Blog | Dec 14, 2010 | 4 Comments

[the long haul]

[writing long documents]

What’s the longest thing you’ve ever written? Despite the fact that attention spans are shorter than ever, there’s still a demand for white papers, research reports, and detailed PowerPoint presentations. I’ve been thinking lately about some of the skills and resources needed for these. Check out my list and feel free to add your own advice, too.

It takes serious staying power to write long documents.

I’ve had several very long projects in the last few years: a report on poverty for Step Up Silicon Valley, a curriculum for a program that helps at-risk youth at Catholic Charities, and a white paper for a software company. I also co-wrote a detailed research report about the health of residents of Santa Clara County. I’m getting ready to co-write another report on health for the County.

It’s really costly to go in the wrong direction on a large project.

Here are a few ideas about what writers need to be successful:

And whatever you do, don’t get paralyzed by the size of the task. Every piece of writing, no matter how long or complex, starts with a crappy first draft. For more about that, see my blog, [six rules of writing].

Photo credit: Photo by Jean-Etienne Minh-Duy Poirrier on flickr. This work is licensed under a Creative Commons License.

I'm a seasoned freelance writer/editor and an enthusiastic community manager. I'm passionate about developing and sharing good content.


I’d add to “first, cast your net wide”. When I was writing my masters thesis, I gathered facts/ideas/contacts, etc. from as wide an array of sources as possible: even things that were only marginally associated. Tried to keep it all semi-organized so I could find it. Then, when I actually sat down to write I had lots of data, and could whittle, whittle, whittle, and then go out hunting again to fill in places where holes emerged. Having that “extra” data there took me in some surprising directions – places I might not have gone had I passed it by in the initial data-gathering.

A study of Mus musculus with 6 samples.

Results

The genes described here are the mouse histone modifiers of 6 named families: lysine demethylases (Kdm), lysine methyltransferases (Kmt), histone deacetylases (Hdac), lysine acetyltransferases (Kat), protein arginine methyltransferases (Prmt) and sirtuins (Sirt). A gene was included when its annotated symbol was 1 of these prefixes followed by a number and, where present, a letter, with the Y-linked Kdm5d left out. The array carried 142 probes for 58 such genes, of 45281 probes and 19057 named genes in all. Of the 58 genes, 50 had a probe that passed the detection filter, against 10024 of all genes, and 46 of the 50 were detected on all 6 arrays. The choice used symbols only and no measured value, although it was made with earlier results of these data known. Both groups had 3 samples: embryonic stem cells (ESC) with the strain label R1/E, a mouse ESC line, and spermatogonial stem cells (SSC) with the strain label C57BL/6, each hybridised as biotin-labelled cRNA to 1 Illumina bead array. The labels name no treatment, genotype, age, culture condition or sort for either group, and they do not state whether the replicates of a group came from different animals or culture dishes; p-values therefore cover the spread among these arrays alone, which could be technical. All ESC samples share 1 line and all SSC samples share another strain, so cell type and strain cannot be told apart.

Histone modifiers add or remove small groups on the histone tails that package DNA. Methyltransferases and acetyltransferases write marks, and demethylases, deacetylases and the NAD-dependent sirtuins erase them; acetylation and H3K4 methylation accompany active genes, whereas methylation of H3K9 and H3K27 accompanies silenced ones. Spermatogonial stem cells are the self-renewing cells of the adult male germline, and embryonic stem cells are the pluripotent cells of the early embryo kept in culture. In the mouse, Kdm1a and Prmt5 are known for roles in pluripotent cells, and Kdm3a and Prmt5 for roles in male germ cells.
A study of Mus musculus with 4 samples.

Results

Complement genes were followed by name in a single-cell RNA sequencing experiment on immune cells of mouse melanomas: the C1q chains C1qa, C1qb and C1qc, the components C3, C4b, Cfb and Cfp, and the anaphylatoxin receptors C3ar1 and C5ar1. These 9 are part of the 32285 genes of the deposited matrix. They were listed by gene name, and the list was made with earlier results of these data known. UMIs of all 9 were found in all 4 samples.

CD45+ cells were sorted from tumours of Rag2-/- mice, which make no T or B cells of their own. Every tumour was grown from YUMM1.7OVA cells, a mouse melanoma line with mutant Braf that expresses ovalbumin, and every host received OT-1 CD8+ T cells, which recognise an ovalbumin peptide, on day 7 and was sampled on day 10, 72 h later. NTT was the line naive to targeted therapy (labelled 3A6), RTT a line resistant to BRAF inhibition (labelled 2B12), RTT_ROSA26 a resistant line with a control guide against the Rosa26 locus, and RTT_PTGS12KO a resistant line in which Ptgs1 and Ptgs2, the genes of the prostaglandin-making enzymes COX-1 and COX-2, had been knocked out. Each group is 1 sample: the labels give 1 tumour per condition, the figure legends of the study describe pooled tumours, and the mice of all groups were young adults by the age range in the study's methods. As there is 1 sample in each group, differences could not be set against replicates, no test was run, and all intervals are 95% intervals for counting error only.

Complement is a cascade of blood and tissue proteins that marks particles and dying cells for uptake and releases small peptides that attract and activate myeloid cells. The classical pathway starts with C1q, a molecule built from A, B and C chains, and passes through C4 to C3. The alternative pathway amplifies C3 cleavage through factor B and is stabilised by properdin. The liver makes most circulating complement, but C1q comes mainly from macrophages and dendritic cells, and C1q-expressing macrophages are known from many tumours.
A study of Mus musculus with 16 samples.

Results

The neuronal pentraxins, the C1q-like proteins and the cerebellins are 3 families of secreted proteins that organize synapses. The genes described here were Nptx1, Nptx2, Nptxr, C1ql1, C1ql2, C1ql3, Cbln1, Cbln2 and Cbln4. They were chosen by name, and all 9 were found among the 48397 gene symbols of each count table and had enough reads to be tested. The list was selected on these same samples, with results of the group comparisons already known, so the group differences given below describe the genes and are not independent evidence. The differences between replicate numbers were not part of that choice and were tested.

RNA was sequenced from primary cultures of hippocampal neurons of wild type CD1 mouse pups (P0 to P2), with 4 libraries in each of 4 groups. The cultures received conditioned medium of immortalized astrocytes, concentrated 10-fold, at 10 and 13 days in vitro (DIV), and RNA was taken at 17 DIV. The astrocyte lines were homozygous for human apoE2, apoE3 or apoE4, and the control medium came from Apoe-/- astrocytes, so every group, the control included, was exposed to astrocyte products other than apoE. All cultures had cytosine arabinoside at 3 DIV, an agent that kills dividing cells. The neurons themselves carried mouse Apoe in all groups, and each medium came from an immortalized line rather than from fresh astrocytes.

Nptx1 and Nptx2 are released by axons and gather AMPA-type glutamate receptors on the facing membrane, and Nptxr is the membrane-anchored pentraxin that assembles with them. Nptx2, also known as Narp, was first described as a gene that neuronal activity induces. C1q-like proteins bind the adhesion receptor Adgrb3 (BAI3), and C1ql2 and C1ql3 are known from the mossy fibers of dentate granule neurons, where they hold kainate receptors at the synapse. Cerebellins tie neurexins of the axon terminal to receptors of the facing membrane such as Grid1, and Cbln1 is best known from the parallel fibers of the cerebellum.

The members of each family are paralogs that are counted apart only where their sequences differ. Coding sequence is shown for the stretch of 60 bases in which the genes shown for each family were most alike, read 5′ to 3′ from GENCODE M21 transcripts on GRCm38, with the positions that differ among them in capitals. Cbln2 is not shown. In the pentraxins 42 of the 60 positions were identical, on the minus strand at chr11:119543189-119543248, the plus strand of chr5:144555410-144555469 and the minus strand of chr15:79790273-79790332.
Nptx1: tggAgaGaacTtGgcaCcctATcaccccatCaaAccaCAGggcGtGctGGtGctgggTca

I do not know if the process would/should be different when doing a large research project for a client, but since my thesis was a business plan for an existing business, I was sort of working for a client and had to be cautious of using his time wisely. I would have LOVED having a writing partner on that project, by the way!


Claire Wagner Reply:

Lisa, that’s great advice, although I often have the opposite problem. Clients often dump stacks of information on us without really sifting through it first, and that does take extra time that usually isn’t really covered in the fee. And I still frequently have to “google” concepts that aren’t covered in enough depth. It’s a delicate balance between wanting to do the best job possible and trying to be efficient!


Lisa H.-S.


I’m a huge fan of the crappy first draft and would be helpless without it!! Every project begins with a deep breath and affirmation that I am indeed going to write a horribly crappy first draft, just so that it gets the thoughts out and starting to take shape on the page.

It takes an extraordinary amount of detail awareness and fortitude to write long missives, Claire!! Hat’s off to you for having it and using it!!


Claire Wagner Reply:

Good affirmation: go bravely forth and write!